Karl Raitz is signing copies of “Bourbon’s Backroads” in KY next month.
BOOK SIGNING DETAILS
Saturday November 09, 2019 12:00 PM
Barnes & Noble
1932 Pavilion Way
Lexington, KY 40509
About the Author:
Karl Raitz is professor emeritus of the Department of Geography at the University of Kentucky. His research focuses on the geographical history of the American landscape with an emphasis on infrastructure development, technology applications, and cultural heritage. His most recent book, Kentucky’s Frontier Highway: Historical Landscapes along the Maysville Road, was coauthored with historical archaeologist Nancy O’Malley.
About the Book:
With more than fifty distilleries in the state, bourbon is as synonymous with Kentucky as horses and basketball. As one of the commonwealth’s signature industries, bourbon distilling has influenced the landscape and heritage of the region for more than two centuries. Blending several topics — tax revenue, railroads, the mechanics of brewing, geography, landscapes, and architecture — this primer and geographical guide presents a detailed history of the development of Kentucky’s distilling industry. Nineteenth-century distilling changed from an artisanal craft practiced by farmers and millers to a large-scale mechanized industry that practiced increasingly refined production techniques. Distillers often operated at comparatively remote sites — the “backroads” — to take advantage of water sources or transport access. Some distillers adopted mechanization and the steam engine, forgoing water power — a change that permitted geographical relocation of distilleries away from traditional sites along creeks or at large springs to urban or rural rail-side sites.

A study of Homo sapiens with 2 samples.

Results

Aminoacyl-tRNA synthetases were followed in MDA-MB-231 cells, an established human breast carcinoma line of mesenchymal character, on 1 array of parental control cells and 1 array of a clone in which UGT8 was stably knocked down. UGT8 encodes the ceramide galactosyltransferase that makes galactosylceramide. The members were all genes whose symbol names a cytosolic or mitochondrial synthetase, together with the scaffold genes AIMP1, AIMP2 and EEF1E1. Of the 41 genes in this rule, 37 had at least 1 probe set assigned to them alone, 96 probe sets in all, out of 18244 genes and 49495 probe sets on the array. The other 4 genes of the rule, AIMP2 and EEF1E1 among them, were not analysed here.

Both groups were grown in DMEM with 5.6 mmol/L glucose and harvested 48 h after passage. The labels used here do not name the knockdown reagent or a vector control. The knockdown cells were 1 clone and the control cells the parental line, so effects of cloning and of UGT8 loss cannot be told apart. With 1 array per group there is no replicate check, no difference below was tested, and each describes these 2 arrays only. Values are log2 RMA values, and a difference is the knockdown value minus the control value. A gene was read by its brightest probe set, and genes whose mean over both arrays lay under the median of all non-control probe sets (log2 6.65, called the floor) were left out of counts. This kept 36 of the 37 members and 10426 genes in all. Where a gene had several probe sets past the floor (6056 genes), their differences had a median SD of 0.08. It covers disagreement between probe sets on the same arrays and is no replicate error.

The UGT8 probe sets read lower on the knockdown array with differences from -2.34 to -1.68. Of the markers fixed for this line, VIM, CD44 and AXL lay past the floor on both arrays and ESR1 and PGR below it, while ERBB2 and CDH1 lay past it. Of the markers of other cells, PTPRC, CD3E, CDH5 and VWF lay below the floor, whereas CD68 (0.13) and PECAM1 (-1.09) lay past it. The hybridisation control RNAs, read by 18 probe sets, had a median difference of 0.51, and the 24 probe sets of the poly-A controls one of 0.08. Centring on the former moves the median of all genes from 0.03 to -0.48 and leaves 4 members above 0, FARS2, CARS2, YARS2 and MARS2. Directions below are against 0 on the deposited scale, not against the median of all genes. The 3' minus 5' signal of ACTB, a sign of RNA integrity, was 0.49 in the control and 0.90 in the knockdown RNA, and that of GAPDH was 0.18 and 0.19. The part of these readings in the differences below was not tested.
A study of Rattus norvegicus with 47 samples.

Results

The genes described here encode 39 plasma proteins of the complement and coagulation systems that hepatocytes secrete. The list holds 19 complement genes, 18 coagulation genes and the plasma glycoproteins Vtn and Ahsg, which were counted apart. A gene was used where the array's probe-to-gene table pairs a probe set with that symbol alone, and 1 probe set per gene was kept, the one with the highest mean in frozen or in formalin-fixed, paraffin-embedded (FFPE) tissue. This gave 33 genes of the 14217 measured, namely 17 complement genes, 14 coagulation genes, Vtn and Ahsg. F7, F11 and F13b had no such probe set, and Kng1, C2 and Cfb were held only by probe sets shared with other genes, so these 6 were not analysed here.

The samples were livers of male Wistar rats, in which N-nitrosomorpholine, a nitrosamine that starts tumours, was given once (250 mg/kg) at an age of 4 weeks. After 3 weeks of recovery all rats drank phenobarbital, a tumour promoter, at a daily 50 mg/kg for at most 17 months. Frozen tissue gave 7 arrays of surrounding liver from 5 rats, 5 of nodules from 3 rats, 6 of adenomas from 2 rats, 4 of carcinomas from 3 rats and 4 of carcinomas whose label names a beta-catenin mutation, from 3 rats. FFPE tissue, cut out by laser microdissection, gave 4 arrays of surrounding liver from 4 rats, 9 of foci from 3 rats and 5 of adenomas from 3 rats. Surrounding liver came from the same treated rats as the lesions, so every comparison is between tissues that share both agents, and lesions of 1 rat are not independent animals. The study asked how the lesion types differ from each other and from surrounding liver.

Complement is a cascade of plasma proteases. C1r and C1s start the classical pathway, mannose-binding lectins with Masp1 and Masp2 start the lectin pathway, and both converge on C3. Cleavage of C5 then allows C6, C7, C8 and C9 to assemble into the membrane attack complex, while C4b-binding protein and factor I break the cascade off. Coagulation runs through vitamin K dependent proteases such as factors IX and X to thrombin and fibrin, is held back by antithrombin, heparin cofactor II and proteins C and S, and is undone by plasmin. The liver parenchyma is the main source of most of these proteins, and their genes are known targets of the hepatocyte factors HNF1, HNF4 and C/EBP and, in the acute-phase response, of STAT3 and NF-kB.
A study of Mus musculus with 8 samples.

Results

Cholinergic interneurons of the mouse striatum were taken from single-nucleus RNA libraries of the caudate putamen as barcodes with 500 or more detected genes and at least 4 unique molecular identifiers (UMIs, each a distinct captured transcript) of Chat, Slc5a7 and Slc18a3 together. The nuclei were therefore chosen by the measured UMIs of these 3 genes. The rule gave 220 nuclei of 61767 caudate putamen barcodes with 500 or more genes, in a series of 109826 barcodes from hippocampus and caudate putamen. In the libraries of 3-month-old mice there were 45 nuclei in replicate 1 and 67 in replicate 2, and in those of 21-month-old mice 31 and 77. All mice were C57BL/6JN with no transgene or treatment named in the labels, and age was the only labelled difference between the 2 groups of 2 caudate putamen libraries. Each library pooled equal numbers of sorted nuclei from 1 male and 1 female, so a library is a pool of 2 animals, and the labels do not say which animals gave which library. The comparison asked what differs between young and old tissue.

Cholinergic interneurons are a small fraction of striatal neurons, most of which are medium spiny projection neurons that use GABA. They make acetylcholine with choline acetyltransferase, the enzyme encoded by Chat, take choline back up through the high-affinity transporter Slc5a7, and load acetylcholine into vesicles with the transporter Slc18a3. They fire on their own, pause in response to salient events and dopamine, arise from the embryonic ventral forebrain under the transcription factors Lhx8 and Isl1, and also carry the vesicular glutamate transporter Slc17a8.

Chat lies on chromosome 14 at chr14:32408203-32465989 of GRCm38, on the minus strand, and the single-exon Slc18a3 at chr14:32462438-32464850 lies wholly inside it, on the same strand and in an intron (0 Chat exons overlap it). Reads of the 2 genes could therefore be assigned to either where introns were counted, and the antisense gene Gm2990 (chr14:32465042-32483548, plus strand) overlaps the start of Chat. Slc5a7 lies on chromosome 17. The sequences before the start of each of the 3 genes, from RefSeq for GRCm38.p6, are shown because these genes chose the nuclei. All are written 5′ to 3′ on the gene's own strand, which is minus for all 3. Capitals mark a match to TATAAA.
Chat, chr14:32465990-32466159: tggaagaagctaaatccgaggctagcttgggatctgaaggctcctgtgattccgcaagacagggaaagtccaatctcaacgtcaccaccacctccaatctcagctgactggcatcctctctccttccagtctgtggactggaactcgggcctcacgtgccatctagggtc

Based on extensive archival research that includes private paper collections, newspapers, and period documents, this work places the distilling process in its environmental, geographical, and historical context. Bourbon’s Backroads reveals the places where bourbon’s heritage was made — from old and new distilleries, storage warehouses, railroad yards, and factories where copper fermenting vessels are made — and why the industry continues to thrive.